GHOSTS OF GLOBALIZATION

Millennials have come of age amidst recessions, populism and closing borders. What future do we have?

Obsession
2016
Obsession
2016

At 1 am on election night, I take the elevator down from Quartz’s New York newsroom. I’ve just filed a piece—only slightly tongue in cheek—about Brexit leader Nigel Farage and US president-elect Donald Trump as the new Reagan-Thatcher axis. It’s all a bit much to take in. I need a moment on my own.

As I stare down Sixth Avenue, I wonder what future there is for me—a progressive 25-year-old Briton—and for others in my generation who believe in a world of open borders and shared ideas.

It feels as if we’re at the tail end of liberal history. The 1990s promises of Tony Blair’s Britain and Bill Clinton’s America, a post-Cold War world, all passed us by in childhood. Now we have witnessed the rise of Trump, Vladimir Putin, Rodrigo Duterte, Narendra Modi and perhaps Marine Le Pen to come. My first real political memories begin with 9/11; my teens were dominated by a series of Middle Eastern wars. The only economy I’ve ever worked in was sputtering in the aftermath of the worst economic crisis since the Great Depression.

 I don’t know a single person who voted for Trump. Back in London, I can count the number of Brexiteers I know on one hand. And since I turned voting age, I’ve yet to experience an election that has gone my way. Vapid PR man David Cameron squeaked home in 2010 and managed to discredit his well-meaning coalition partners, the Liberal Democrats, into obliteration. I left to work and study in Russia in 2011, and was surrounded by the biggest pro-democracy protests since the fall of the USSR. But the protests, in time, were dismantled, their leaders imprisoned or politically neutered. President Vladimir Putin coasted to victory in 2012.

Then, in 2015, Cameron somehow bested all the polling wonks out there and won a majority. He was too cowardly to fight off the right wing of his party pushing for the UK to leave the European Union. But I still thought things would be okay—surely, surely, the British people wouldn’t be stupid enough to vote for Brexit?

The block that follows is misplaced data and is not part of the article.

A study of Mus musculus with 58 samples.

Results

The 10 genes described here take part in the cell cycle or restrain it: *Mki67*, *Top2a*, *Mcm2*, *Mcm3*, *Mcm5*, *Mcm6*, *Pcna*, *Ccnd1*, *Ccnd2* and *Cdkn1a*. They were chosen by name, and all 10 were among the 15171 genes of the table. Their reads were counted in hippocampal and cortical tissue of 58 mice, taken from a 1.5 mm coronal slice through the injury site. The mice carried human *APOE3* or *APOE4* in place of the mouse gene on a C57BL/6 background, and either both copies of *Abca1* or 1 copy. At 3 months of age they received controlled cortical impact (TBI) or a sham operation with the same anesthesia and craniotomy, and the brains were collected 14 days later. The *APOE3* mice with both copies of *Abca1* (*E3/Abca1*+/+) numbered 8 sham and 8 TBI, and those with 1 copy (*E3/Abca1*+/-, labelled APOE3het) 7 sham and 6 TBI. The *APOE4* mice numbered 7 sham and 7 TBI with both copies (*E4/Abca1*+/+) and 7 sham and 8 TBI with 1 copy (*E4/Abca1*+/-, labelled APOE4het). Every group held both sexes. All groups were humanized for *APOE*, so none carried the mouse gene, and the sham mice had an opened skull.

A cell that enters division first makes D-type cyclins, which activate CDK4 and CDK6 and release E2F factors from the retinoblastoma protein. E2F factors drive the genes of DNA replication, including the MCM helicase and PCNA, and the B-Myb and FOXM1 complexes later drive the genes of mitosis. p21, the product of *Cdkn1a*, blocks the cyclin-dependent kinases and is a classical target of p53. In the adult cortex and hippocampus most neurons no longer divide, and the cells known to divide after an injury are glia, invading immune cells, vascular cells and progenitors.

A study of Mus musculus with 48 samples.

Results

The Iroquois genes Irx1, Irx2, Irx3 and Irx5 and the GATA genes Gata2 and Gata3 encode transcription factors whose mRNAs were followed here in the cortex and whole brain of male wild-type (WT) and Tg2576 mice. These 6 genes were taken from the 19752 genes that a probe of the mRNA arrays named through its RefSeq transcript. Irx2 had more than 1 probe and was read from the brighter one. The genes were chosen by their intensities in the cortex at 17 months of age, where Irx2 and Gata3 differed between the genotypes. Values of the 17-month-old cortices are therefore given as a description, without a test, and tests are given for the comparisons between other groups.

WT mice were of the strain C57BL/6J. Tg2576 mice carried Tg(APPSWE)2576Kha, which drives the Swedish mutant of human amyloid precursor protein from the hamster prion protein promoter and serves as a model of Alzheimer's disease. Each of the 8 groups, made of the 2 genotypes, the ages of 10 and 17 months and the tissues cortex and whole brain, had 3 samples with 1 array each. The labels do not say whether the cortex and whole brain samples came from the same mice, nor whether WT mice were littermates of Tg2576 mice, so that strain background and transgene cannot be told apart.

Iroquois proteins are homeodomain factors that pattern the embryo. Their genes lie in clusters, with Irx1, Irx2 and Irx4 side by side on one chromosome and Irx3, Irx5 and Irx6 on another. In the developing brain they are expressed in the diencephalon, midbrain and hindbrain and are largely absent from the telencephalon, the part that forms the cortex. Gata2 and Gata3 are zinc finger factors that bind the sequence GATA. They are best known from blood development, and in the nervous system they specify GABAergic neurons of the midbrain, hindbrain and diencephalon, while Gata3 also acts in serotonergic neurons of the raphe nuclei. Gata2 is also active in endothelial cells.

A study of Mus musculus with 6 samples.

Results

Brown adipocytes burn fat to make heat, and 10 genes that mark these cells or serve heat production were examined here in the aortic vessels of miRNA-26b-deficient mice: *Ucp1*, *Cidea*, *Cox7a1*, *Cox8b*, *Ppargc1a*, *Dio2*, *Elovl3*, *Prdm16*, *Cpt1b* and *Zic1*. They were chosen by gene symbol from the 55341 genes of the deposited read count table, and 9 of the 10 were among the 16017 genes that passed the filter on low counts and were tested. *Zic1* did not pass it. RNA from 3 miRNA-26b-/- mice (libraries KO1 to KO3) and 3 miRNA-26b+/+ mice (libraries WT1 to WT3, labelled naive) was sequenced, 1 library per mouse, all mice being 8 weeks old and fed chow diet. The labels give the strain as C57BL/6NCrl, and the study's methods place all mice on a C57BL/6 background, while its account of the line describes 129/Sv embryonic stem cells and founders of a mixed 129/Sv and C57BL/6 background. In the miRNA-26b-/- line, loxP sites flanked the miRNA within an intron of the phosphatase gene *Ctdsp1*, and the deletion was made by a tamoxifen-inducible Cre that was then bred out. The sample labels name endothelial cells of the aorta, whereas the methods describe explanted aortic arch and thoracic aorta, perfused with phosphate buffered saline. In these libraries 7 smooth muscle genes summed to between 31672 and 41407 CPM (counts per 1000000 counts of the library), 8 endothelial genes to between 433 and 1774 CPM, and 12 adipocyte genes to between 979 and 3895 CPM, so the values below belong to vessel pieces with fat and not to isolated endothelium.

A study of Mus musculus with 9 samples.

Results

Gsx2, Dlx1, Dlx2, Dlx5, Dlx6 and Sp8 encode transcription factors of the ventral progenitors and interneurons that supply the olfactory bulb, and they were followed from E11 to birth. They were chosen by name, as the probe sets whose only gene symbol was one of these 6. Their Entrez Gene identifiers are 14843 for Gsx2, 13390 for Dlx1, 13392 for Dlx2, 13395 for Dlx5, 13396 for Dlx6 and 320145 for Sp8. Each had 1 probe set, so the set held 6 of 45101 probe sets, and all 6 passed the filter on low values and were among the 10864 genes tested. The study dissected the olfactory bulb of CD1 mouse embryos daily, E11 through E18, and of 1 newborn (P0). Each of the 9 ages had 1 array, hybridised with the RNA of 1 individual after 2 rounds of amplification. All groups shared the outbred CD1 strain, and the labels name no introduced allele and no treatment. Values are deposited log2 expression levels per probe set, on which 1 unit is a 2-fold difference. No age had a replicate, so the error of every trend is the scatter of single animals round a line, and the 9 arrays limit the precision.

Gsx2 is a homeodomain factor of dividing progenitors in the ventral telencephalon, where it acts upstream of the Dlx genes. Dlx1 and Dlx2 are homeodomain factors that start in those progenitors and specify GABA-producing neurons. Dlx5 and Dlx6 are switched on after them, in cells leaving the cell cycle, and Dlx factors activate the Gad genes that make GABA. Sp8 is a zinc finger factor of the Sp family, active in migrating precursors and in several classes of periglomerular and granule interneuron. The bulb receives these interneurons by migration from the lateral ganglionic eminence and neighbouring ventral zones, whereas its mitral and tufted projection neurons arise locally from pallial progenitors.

And therein lies the problem: In many ways, I’m the issue with today’s cosmopolitan establishment. In my adopted home of New York, I don’t know a single person who voted for Trump. Back in London, I can count the number of Brexiteers I know on one hand. All the rhetoric of global politics is mediated along the way by people like me with privileged, highly educated backgrounds. And I don’t know what to do about it.

 Millennials believe a global economy can help the world, but it seems the world doesn’t want that kind of help. Culturally, I adapted perfectly to globalization. With pan-European parents and a multi-lingual background, I often felt ill at ease in Britain but at home wherever my feet landed. I moved to Brussels and reveled in drinks and dinners where every guest is from a different country. We ribbed each other over cultural differences, knowing we shared the same core beliefs. We had big dreams about extending this multicultural love-in to the rest of the world. In fact, they didn’t even seem like dreams; they seemed inevitable.

But now this vision looks like a brief blip in history. Economic globalization will continue, and the elite will continue to flit easily between borders. But the idea of bringing that kind of freedom and opportunity to all—the hopes by which we legitimized our good fortune—seems increasingly unlikely. It’s time to face the realization that those dinners in Brussels weren’t glimpses of a future the whole world would soon embrace. They were ephemeral. Millennials believe a global economy can help the world, but it seems the world doesn’t want that kind of help. And we just don’t understand that at all.

I know that writing this piece is self-indulgent. Just being able to make this complaint is a sign of my immense privilege. The US election and Brexit and the other global rebukes to progressive agendas aren’t about me. They’re about those who were overlooked by the likes of me—the “flyover” states where Clinton didn’t bother to campaign; the British Midlands, sneeringly consigned by Londoners to the “North of England,” who voted to leave the EU; France’s former industrial heartlands, who will vote for Le Pen.

Brexit was easy to blame on disgruntled old people stealing the futures of the young. But that wasn’t entirely fair then—and it’s definitely not true of the US election now. Yes, there are a lot of racists in the US. Yes, there are “deplorables.” But ultimately, many Trump voters are people who have suffered while others have prospered. And most saddening of all is that now, as with Brexit, they have been conned into a decision that will only further impoverish them.

The optimist in me still thinks things will get better one day. But there aren’t many straws left to clutch at.